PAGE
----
September has always been my personal New Year’s Eve — a month-long farewell to summer and the year that came before it, and a celebration of the year to come. I attribute this to being raised by two teachers and to my love of all things ‘back-to-school.’ The changing of the calendar at the end of December never had quite the same appeal. This year in particular, September has been a month of massive changes in life around here, and as I look ahead to the ‘new year,’ I have been thinking a lot about the past several months and what the next months will bring.
For starters, my daughter transferred colleges, leaving behind the small liberal arts college that turned out not to be a fit for her. She’s closer to home now, not that Connecticut was terribly far, and living in her first apartment in Boston with two other transfer students she met online. Over the past month, they have moved in, figured out where to put the dishes and who each other are. They have registered for classes at a new university and in my daughter’s case, in a brand new major. My daughter, typically one who needs time to acclimate to her surroundings before taking the participation plunge, has tried out for and made a club team, has signed up for and begun three other extracurriculars, and has found herself with more social plans than she has had in two years. By requirement and not by choice, she has found herself in a public speaking course, and for her first extemporaneous speech, chose the topic of how she ended up as a junior transfer, owning her experience before her fellow communications majors. She is settled, happy, and thriving. Even her occasional eye rolls and small gripes have a different quality to them. I am thrilled, relieved, and more than a little in awe of her. Go get ’em, sweet girl…
My changes are a bit different and as yet less easily defined. The short version is that after nine years in a job I fell deeply in love with, I left. The decision was mine and mine alone, though supported and to a large degree encouraged by my family and friends (including colleagues who also gave their notice over the spring and summer). For a little quick context, I was the head of school counseling at a small middle school for boys, where I had the tremendous pleasure to spend my days with the energy and good humor (mostly good, anyway) that is particular to the species known as adolescent boy. I’ll say more about my work with them at a later date or two, because they are a part of my heart and will be forever. I have lots to say about them and the state of mental health support in schools and in the world…but that’s a story for another time. I’ll say less about what fueled my painful and complicated decision to part ways, but my differences of opinion with the administration of the institution forced me to the proverbial fork in the road. It was time to take the path I had once assumed I’d take when I retired. With the company of about a dozen colleagues, I gave my notice over the summer and find myself for the first time in a long time with no actual ‘back to school’ of my own.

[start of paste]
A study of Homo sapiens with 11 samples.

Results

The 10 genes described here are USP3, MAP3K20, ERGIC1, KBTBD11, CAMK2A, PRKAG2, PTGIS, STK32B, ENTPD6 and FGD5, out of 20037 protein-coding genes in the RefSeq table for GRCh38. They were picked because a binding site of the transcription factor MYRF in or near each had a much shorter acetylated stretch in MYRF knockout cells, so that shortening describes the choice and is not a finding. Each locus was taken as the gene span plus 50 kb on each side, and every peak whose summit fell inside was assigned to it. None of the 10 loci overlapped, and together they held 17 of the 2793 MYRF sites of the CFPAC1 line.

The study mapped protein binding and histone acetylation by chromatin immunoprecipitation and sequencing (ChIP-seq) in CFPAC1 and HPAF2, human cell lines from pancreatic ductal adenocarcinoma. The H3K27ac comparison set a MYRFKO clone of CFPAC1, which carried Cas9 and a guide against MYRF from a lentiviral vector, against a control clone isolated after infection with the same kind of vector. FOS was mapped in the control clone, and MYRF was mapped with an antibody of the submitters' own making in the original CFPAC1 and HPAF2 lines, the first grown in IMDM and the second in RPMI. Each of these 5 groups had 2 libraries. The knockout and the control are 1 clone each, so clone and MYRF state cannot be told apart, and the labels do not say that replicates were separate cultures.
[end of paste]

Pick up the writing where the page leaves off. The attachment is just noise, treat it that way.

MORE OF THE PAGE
Except that isn’t exactly true… I am, not unlike my daughter, ‘transferring’ at an unusual time. While jokes have been tossed around about my ‘retirement’, I am far too young for that (at 49). I also find the word to have a finality to it that doesn’t quite fit where I am. I may or may not ever return to the kind of work I was doing, so considering myself retired seems premature. I am, however, learning. A lot. The giant independent study project that is this year is still in the preparation phase — research, outlining, spit-balling ideas if mostly in my own mind. I promised myself ages ago, while I was still working full-time, that I would write more. I started this blog as a way to do just that. I started with all of the positive energy and best intentions and natural nerves…and then found too many reasons to push the pause button and step away. Then, when I had time to return, the apprehensions kicked in. I think it’s safe for me to assume that my daughter inherited her need to observe before acting from me. Well, I can learn from her. Sometimes, you just need to jump in feet first. Start swimming around. See what there is to see and who there is to meet. Find out what you are capable of creating.
Change is hard. Change can also be the mini miracle of our own making.